By Sandy Trozzo
After about 20 children attended a Halloween party at a playground in Treesdale while a registered sex offender lived across the street, some residents asked Pine supervisors to enact a law prohibiting registered sex offenders from living near where children play.
[name withheld] lived in the garage of his sister's vacant home on South Lake Drive in Treesdale from Oct. 24 until he was returned to jail Nov. 3. Although township police knew he was there, residents did not.
"We're certainly concerned that this individual was living in our neighborhood in a vacant home and very close to a public park," resident Carl Staiger said.
Residents of South Lake Drive made their request to Pine supervisors on Nov. 7. Supervisors asked solicitor Gary Gushard to draft an ordinance for consideration at the Dec. 5 meeting that would prohibit sex offenders from living within 500 to 750 feet of a school, park or other place where children play.
That is narrower than the Allegheny County ordinance that was struck down by the state Supreme Court in May, Mr. Gushard said.
The county ordinance had prohibited a registered sex offender from living within 2,500 feet -- or a half-mile -- of a school, park, recreational center or community center. The Supreme Court thought that there would be "very few places throughout the county where there could be a residence," Mr. Gushard said.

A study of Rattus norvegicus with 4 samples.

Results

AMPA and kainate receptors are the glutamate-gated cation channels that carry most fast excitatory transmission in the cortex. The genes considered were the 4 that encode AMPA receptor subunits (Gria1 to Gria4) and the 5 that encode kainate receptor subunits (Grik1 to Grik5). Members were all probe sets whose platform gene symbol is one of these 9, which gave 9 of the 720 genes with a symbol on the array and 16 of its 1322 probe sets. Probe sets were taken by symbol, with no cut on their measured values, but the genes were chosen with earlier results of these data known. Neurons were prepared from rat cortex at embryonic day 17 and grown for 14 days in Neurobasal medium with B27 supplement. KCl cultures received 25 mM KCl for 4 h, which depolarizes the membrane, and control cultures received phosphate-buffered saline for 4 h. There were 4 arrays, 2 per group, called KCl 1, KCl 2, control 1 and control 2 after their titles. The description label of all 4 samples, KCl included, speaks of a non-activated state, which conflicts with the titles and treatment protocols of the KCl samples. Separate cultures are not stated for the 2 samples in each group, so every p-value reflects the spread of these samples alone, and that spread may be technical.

State law, however, prohibits offenders from living within two blocks of a school or other child-related place, so Mr. [name withheld] was probably in violation by living in the garage of his sister's vacant home, he added.
Mr. [name withheld], 54, was convicted in June of indecent assault against a minor, defined as someone under 13 years old, according to the state's Megan's Law website. The website lists him as a "lifetime offender," but no other details are given.
Pine Police Chief Robert Amman said he was not permitted to notify residents. He said he did send extra police patrols to the neighborhood, but none of the patrols found Mr. [name withheld] in the house. He was returned to jail because he was not living in a halfway house as required by his parole, Chief Amman said.
Greg Bosiljevac, who lives across the street from the house, said Mr. [name withheld] told him that he was "down on his luck" and had "made some bad choices in his life."
That made him suspicious, he said, and another neighbor found Mr. [name withheld] on the Megan's Law website.
"I didn't sleep for days," said Rebecca Staiger. "I have a 6-year-old who rides his scooter up and down the sidewalk. This individual was two doors down from my house."
In addition to being near the playground, the house sits between bus stops for elementary and high school students, she added.
"It's unsettling," she said. "It's unbelievable that this is happening in our community."